First, thanks for all the help you all have given me on this forum.

I was disturbed to find when I visited my colony a lot of feces all over the surrounding area (the bees are kept on a membrane roof). NB there wasn't any feces on the landing area/entrance, so at least it appears to occur in flight. The worst find appears to be 8 to 10 dying 80% formed bees lying around outside. bad bees1.jpg this is only the third day above 60 we've had in a long time.
I haven't searched inside yet (no time until Saturday). There appears to be a lot of overall good healthy activity going on, but the sudden zillions of fecal spots on the roof along with the premature bees has me worried.

So what should I be looking for when I inspect this weekend?

Rich
 

 

 

 

 

Being farther south than you OP I haven't seen any drones yet. (I am sure I will see them soon)
I wonder if these aren't clean ups from last year?
 


Rich
A pooper scooper.:D

Look for bees, lots of bees and make sure they have enough to eat until the nectar flows.
 

Being farther south than you OP I haven't seen any drones yet. (I am sure I will see them soon)
I wonder if these aren't clean ups from last year?

I wouldn't say its totally unusual. I have newly hatched drones and alot of drone brood in Louisville.
 

I've got drone brood.
Not many if any drones, but I do understand that some hives do allow a few drones to overwinter.

I just saw in another thread a poster out of Maryland saying that they had drones.
I thought it would be colder up there and their hives would be behind in development.
 

I was disturbed to find when I visited my colony a lot of feces all over the surrounding area (the bees are kept on a membrane roof). NB there wasn't any feces on the landing area/entrance, so at least it appears to occur in flight. The worst find appears to be 8 to 10 dying 80% formed bees lying around outside. View attachment 9894 this is only the third day above 60 we've had in a long time.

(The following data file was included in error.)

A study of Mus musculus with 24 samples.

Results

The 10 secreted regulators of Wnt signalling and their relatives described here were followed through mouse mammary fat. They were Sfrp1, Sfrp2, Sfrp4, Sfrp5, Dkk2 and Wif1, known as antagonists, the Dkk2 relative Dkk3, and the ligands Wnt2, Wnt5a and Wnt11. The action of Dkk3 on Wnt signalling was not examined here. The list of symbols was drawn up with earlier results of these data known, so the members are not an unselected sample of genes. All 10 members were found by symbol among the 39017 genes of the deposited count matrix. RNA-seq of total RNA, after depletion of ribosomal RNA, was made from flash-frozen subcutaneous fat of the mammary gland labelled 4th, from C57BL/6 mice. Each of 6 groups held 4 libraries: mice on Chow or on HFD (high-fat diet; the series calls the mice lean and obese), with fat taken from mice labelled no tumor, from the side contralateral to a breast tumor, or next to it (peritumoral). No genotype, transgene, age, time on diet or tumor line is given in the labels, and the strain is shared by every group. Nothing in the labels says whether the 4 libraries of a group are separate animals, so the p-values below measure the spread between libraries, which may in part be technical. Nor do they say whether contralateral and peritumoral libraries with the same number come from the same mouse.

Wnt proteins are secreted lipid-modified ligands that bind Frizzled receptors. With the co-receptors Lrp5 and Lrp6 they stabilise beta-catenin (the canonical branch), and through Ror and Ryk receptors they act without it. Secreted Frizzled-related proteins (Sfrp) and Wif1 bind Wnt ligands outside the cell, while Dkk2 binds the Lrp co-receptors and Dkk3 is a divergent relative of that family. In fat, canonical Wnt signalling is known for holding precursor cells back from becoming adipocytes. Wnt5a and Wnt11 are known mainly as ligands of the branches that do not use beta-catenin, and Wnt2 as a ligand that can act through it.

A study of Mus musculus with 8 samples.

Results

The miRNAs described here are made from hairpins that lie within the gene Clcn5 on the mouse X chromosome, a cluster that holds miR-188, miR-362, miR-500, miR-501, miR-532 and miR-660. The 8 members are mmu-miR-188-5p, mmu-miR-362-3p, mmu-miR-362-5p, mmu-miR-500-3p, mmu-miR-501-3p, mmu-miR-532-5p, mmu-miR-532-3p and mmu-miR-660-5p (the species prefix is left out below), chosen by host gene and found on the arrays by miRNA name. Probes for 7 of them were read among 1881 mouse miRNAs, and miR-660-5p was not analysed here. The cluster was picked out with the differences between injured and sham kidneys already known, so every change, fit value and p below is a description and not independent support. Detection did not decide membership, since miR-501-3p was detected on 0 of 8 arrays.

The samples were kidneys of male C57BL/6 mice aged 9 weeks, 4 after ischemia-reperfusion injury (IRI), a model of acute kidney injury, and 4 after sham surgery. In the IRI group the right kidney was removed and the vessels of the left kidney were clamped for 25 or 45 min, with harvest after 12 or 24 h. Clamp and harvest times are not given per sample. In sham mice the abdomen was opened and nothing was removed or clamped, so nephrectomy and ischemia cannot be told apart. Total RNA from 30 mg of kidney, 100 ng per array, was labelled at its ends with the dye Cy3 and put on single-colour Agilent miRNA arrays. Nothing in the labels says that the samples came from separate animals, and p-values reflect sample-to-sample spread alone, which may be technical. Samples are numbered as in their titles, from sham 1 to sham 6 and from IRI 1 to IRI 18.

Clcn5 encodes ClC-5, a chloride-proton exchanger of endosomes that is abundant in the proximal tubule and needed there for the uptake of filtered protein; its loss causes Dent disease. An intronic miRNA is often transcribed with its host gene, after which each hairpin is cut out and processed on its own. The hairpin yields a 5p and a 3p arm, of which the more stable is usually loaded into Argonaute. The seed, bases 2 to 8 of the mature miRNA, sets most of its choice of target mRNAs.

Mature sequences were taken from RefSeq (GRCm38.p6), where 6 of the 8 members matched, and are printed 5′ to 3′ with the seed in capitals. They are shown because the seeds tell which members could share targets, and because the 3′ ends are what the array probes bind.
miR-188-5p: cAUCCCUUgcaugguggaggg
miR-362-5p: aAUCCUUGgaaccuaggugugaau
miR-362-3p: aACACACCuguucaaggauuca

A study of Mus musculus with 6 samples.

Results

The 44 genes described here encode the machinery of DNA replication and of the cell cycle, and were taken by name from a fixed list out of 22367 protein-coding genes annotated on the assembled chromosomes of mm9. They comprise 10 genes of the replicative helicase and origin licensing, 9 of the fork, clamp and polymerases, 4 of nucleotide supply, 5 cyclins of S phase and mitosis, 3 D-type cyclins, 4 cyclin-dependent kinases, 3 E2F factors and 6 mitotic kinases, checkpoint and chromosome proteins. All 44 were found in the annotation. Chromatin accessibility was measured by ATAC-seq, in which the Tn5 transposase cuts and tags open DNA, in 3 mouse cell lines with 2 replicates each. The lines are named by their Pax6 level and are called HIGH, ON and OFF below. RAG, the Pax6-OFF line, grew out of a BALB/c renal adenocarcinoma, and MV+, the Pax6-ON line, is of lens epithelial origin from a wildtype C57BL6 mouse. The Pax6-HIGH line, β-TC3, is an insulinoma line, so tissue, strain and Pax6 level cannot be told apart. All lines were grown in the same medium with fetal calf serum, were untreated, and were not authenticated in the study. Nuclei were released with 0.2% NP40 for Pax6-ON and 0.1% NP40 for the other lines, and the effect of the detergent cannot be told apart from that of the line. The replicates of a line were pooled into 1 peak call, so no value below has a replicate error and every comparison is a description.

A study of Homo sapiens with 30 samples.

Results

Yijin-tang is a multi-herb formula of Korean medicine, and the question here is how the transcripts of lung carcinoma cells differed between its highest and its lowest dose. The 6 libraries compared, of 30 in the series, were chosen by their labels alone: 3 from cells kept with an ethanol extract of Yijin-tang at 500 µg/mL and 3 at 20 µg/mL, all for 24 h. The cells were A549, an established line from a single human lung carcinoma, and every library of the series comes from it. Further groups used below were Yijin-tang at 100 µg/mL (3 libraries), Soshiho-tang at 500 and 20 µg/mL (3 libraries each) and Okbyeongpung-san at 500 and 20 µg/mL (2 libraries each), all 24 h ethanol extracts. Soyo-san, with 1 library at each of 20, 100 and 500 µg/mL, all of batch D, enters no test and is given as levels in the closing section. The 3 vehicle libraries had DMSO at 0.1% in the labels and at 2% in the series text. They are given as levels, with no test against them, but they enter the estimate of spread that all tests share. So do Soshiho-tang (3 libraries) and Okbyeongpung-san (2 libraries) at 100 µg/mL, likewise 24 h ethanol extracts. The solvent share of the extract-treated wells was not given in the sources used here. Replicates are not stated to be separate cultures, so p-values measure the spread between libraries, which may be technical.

I haven't searched inside yet (no time until Saturday). There appears to be a lot of overall good healthy activity going on, but the sudden zillions of fecal spots on the roof along with the premature bees has me worried.
So what should I be looking for when I inspect this weekend?
Rich
I've seen the fecal spots as well recently. They're just relieving themselves. As for the few dead malformed bees, it could just be chill brood, or something else.

When you do open them up for inspection, if you haven't alreadyswept off the bottom board, do it into some kind of a container to look for mites.
 

As for the deformed wing virus-the virus is transmitted by varroa. Most if not all hives have some varroa so they all probably have some level of virus also. It is only when the varroa/virus load gets to a critical mass that you have a problem. I have heard all sorts of figures quoted as to mite counts. Somewhere around 10 mites to a half of cup (about 300) bees using the sugar shake method is cited frequently as a cut off point.
We are small time keepers and our personal feelings are that the only real solution to varroa is for the bees to evolve to tolerate the mites so we do not treat. but it is heartbreaking to loose a hive to mites/and virus. So far we are having survival rates better that the averages we see published in bee journals. We use screen bottom boards, we do splits to interrupt the brood cycle, and we are using feral stock. We also use drone frames to trap the mites.
I would not worry if you see a few deformed wings and your mite count is low. If you see a lot try non chemical methods. Remember the mites reproduce in the brood cells if you have no brood because you broke the brood cycle the mite population with drop. Good luck.